The difference between cashflow and profit. Cash flow is the net amount of cash and cash equivalents being transferred into and out of a business. Cash received represents inflows, while money spent represents outflows. Profit on the other hand refers to a financial gain, especially the difference between the amount earned and the amount spent in buying, operating, or producing something.
Business wise, understanding the difference between profit and cash flow can make it easier to know whether a profitable company is actually a good investment based on its ability to remain solvent in times of economic crisis. For entrepreneurs and business owners, understanding the relationship between the terms can inform important business decisions, including the best way to pursue growth.
Cash flow can be positive or negative. Positive cash flow indicates that a company has more money moving into it than out of it. Negative cash flow indicates that a company has more money moving out of it than into it.
Cash flow can be broken into three major categories:
- Operating cash flow: This refers to the net cash generated from a company’s normal business operations. In actively growing and expanding companies, positive cash flow is required to maintain business growth.
- Investing cash flow: This refers to the net cash generated from a company’s investment-related activities, such as investments in securities, the purchase of physical assets like equipment or property, or the sale of assets. In healthy companies that are actively investing in their businesses, this number will often be in the negative.
- Financing cash flow: This refers specifically to how cash moves between a company and its investors, owners, or creditors. It’s the net cash generated to finance the company and may include debt, equity, and dividend payments.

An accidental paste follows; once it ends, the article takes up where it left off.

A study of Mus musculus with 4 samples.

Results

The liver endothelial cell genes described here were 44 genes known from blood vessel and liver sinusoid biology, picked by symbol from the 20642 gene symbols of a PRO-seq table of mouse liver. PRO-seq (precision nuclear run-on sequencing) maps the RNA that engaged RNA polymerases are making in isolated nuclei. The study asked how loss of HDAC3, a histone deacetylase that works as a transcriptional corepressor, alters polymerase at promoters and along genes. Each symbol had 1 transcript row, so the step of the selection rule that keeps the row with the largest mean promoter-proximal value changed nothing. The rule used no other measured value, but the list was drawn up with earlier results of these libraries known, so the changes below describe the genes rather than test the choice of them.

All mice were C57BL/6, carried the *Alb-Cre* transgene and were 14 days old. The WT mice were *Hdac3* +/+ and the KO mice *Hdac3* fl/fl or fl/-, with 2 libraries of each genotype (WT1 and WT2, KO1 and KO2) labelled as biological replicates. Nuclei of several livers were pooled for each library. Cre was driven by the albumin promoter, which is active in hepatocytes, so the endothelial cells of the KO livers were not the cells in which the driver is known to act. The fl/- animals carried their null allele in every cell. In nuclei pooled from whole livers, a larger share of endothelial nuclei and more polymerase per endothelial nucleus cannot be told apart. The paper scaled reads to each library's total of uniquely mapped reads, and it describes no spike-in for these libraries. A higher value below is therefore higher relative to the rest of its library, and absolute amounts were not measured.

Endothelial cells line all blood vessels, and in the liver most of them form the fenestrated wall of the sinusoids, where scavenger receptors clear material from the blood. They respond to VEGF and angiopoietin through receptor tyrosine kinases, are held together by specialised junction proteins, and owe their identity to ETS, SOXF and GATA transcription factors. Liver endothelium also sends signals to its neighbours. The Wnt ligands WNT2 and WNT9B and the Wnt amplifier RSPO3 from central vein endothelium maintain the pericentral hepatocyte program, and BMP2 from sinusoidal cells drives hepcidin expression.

Assessing the amounts, timing, and uncertainty of cash flows, along with where they originate and where they go, is one of the most important objectives of financial reporting. It is essential for assessing a company’s liquidity, flexibility, and overall financial performance. Positive cash flow indicates that a company’s liquid assets are increasing, enabling it to cover obligations, reinvest in its business, return money to shareholders, pay expenses, and provide a buffer against future financial challenges.
Profit can be broken down into three categories:
- Gross profit: Gross profit is defined as revenue minus the cost of goods sold. It includes variable costs, which are dependent upon the level of output, such as cost of materials and labor directly associated with producing the product. It doesn’t include other fixed costs, which a company must pay regardless of output, such as rent and the salary of individuals not involved in producing a product.
- Operating profit: Like operating cash flow, operating profit refers only to the net profit that a company generates from its normal business operations. It typically excludes negative cash flows like tax payments or interest payments on debt. Similarly, it excludes positive cash flows from areas outside of the core business. It’s sometimes referred to as earnings before interest and tax (EBIT).
- Net profit: This is the net income after all expenses have been deducted from all revenues. Typically, this includes expenses like tax and interest payments.
Information about a company’s profits is typically communicated in its income statement, also known as a profit and loss statement (P&L). This statement summarizes the cumulative impact of revenue, gains, expenses, and losses over the course of a specified period of time.